When Nairobi Governor Mike Sonko was arrested over corruption related offences, all newspaper splashed sensational headlines on December 10, 2019 describing the Governor in different styles. For The Standard newspaper, it was the “End of error”. The Star turned historical by linking Sonko’s past to the present events, “Criminal past of Governor Sonko exposed in Court”.

The People Daily wrote, “Sonko’s world crumbles”, while Daily Nation said, Crisis at City Hall as Sonko era collapses.” The paper didn’t focus on Sonko but the institutional challenge in what appeared as a leadership vacuum.

Now the question is: Did The Standard allude to the end of Governor Sonko’s mistakes or an end to his period as governor or something else we weren’t told? Again, what were the newspapers upto? Corruption is widely considered to have adverse effects to all sectors of a country and this doesn’t require to be personalized as witnessed from the coverage by the newspapers.

Additionally, Nairobi County has witnessed tension in most of 2019 especially in the county assembly where MCAs supporting Governor Sonko or Speaker Beatrice Elachi clashed.

Although the newspapers provided in-depth information in the inside pages, the style of presentation of headlines could excite readers, making them misinterpret some information on the front pages. As reported by Fairness and Accuracy in Reporting (FAIR) in 2011, a New York-based media organization, sensational reporting causes manipulation of the truth of a story.

On Wednesday, December 11, 2019, except The Standard, all other newspapers (Nation, Star and People Daily) continued with Governor Sonko’s story as their major headlines. More interestingly, a story by The Star newspaper ignored the HIV and Aids policy which prohibits disclosure of test results and makes it an offence for anyone to be discriminated against actual or perceived or suspected HIV status.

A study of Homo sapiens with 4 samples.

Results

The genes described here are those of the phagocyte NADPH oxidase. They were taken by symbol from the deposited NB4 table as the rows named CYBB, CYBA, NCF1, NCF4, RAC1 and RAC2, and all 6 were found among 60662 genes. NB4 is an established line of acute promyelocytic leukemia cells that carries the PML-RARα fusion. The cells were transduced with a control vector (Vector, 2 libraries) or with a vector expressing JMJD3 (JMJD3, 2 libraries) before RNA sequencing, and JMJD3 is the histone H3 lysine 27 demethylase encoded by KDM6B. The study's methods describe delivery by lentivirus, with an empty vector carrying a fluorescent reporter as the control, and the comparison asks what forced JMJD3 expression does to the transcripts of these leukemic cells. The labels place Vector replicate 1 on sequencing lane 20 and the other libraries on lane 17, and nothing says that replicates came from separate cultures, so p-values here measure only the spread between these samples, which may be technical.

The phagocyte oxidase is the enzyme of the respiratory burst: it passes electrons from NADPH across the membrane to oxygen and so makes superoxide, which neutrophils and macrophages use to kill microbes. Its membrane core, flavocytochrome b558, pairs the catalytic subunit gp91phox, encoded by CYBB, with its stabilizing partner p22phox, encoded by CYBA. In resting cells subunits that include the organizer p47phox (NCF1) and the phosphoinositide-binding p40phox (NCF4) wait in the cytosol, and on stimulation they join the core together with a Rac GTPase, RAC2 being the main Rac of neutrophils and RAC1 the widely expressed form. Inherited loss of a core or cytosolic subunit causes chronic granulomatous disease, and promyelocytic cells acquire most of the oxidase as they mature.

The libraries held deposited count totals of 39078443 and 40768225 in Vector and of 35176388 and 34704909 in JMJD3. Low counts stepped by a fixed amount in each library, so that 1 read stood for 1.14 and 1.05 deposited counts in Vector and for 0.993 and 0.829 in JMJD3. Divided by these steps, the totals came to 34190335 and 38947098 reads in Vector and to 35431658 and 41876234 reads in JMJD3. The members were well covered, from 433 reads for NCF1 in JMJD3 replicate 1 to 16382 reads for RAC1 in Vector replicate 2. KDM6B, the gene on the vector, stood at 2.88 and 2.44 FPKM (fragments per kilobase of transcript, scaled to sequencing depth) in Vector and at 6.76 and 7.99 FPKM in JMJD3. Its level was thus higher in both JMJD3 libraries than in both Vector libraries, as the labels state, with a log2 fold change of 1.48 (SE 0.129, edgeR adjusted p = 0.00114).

While relying on previous court case of 2000, the newspaper wrote, “High court judge Samuel Oguk released Sonko from prison three months before completing his one-year sentence”. By relying heavily on court case, the newspaper ignored medical experts and professional bodies such as National Aids Control Council, National Aids & STI Control Programme or even hospital records. This is clear case of a story which should have attracted further investigation among the journalists if the newspaper needed to tell the public about Sonko’s health status.

Governor Sonko is facing corruption charges and linking it with HIV or generally the individual’s health changes focus of the story.

The Standard newspaper ignored the corruption story facing Sonko, except in an editorial challenging senators’ decision to defend Sonko in court. “Be that as it may, the public is justified to question whether the two senators are in order to represent Sonko” (p.14). The major story in the newspaper was job creation where it cited a survey by KNBS showing performance of various sectors.

On Thursday, December 12, 2019 the corruption case against Sonko continued as the main story in Daily Nation and Star newspapers, with Standard delving into a case of family in which an Italian priest sired two children with a Samburu woman while in his missionary duties in the region.

In summary, it is important to recognize the role of the media in highlighting corruption but there is a need for the media to focus on the aspects of corruption as opposed to the personality of the alleged individuals involved in corruption. Indeed, without the media it would be virtually impossible for the Kenyan public to get informed of today’s events.